The Passing of the Backhouse

By James Whitcomb Riley

Some sources say that James Whitcomb Riley did not write "The Passing of the Backhouse" or "The Ode to the Outhouse" which is a similar poem, but shorter. Charles T. Rankin's daughter, Kathleen Rankin, has a copyright and claims that her father is the true author. A copy of the copyright is in the Fulton County Museum, Rochester, IN. In 1910 the poem was published on postcards and inaccurately attributed to James Whitcomb Riley. Riley is recorded as saying it was far too risqué for him.
When memory keeps me company, and moves to smiles or tears
A weather-beaten object looms through the mist of years.
Behind the house and barn it stood, a half a mile or more,
And hurrying feet a path had made, straight to its swinging door.

Its architecture was a type of simple classic art,
But in the tragedy of life it played a leading part.
And oft the passing traveler drove slow and heaved a sigh,
To see the modest hired girl slip out with glances sly.

We had our poesy garden that the women loved so well
I loved it too, but better still, I loved the stronger smell
That filled the evening breezes so full of homely cheer,
And told the night-o're-taken tramp that human life was near.

On lazy August afternoons it made a little bower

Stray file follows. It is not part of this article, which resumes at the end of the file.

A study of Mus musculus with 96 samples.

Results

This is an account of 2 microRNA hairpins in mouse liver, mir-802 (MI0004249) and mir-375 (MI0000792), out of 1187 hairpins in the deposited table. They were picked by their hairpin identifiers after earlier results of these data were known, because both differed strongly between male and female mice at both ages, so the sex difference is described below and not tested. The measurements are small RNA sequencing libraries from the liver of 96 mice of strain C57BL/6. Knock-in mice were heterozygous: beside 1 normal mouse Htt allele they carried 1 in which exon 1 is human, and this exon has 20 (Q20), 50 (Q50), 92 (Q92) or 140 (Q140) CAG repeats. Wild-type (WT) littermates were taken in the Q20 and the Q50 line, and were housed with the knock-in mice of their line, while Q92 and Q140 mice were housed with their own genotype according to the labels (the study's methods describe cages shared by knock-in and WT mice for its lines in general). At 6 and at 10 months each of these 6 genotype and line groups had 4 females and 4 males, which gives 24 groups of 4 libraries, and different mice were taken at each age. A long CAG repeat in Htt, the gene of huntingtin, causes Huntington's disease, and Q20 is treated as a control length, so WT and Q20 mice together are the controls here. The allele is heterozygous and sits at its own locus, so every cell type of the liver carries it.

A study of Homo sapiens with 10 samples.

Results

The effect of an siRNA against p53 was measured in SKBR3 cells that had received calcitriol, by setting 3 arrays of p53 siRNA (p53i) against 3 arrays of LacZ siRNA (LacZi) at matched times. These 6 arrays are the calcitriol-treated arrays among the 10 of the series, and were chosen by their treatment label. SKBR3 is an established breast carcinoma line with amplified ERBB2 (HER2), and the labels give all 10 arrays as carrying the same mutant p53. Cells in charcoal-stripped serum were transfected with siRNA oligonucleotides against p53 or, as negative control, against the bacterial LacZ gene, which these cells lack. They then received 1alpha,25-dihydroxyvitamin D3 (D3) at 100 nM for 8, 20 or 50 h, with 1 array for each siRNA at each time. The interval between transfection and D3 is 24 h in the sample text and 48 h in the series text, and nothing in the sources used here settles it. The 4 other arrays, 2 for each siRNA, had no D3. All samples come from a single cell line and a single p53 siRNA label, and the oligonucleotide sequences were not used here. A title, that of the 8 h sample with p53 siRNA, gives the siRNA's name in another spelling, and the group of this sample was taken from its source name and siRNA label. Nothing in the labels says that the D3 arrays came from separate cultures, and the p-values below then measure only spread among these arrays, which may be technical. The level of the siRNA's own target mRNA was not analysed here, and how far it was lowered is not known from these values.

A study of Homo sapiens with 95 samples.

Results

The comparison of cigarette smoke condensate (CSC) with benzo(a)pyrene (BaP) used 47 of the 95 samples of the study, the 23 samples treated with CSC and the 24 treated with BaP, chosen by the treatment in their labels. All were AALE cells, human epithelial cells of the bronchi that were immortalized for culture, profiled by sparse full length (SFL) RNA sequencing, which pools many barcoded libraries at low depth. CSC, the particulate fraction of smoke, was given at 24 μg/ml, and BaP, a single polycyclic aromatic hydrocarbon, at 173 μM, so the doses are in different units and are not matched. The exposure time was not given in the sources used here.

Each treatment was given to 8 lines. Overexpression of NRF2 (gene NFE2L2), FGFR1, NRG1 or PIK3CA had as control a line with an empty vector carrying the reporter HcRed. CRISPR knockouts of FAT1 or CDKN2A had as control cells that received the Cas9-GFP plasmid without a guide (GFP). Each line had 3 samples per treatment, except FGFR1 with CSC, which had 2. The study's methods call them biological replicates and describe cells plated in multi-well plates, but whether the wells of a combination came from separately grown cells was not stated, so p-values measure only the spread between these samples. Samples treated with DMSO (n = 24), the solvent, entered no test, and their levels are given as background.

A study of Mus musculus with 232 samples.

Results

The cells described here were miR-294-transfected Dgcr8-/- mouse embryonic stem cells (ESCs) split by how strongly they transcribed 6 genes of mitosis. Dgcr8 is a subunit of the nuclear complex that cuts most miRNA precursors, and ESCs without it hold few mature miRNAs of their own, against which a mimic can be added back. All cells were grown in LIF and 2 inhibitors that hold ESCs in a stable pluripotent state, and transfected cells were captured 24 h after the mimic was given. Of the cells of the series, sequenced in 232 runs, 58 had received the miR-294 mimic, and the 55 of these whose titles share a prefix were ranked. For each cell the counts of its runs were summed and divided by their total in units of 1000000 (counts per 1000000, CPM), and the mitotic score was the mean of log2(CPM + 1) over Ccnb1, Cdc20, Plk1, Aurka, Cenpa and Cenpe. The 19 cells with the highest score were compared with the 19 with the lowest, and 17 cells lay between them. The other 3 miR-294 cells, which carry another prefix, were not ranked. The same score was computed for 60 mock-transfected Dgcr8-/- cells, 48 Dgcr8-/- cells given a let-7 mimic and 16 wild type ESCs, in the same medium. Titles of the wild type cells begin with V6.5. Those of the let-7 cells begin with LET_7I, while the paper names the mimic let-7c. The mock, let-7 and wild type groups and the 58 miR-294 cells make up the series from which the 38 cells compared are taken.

Delightful, where my grandpa sat and whiled away an hour.
For there the summer morning, its very cares entwined,
And berry bushes reddened in the steaming soil behind

But when the crust was on the snow and sullen skies were gray,
In sooth the building was no place where one could wish to stay.
We did our duties promptly; there one purpose swayed the mind.
We tarried not, nor lingered on what we left behind.

When grandpa had to go "out back" and make a morning call
We’d bundle up the dear old man with a muffler and a shawl.
I knew the hole on which he sat ‘twas padded all around,
And once a dared to sit there, ‘twas all too wide I found.

My loins were all too little and I jack-knifed there to stay
They had to come and get me out or I'd have passed away.
Then father said that ambition was a thing that boys should shun,
And I must use the children’s hole ‘till childhood days are done.

But still I marvel at the craft that cut those holes so true,
The baby hole and the slender hole that fitted sister Sue.
That dear old country landmark, I've tramped around a bit
And in the lap of luxury my lot has been to sit.

But e're I die, I'll eat the fruit of trees I robbed of yore.
Then seek the shanty where my name is carved upon the door.
I know the old familiar smell will soothe my faded soul,
I'm now a man, but nonetheless I'll use the children's hole.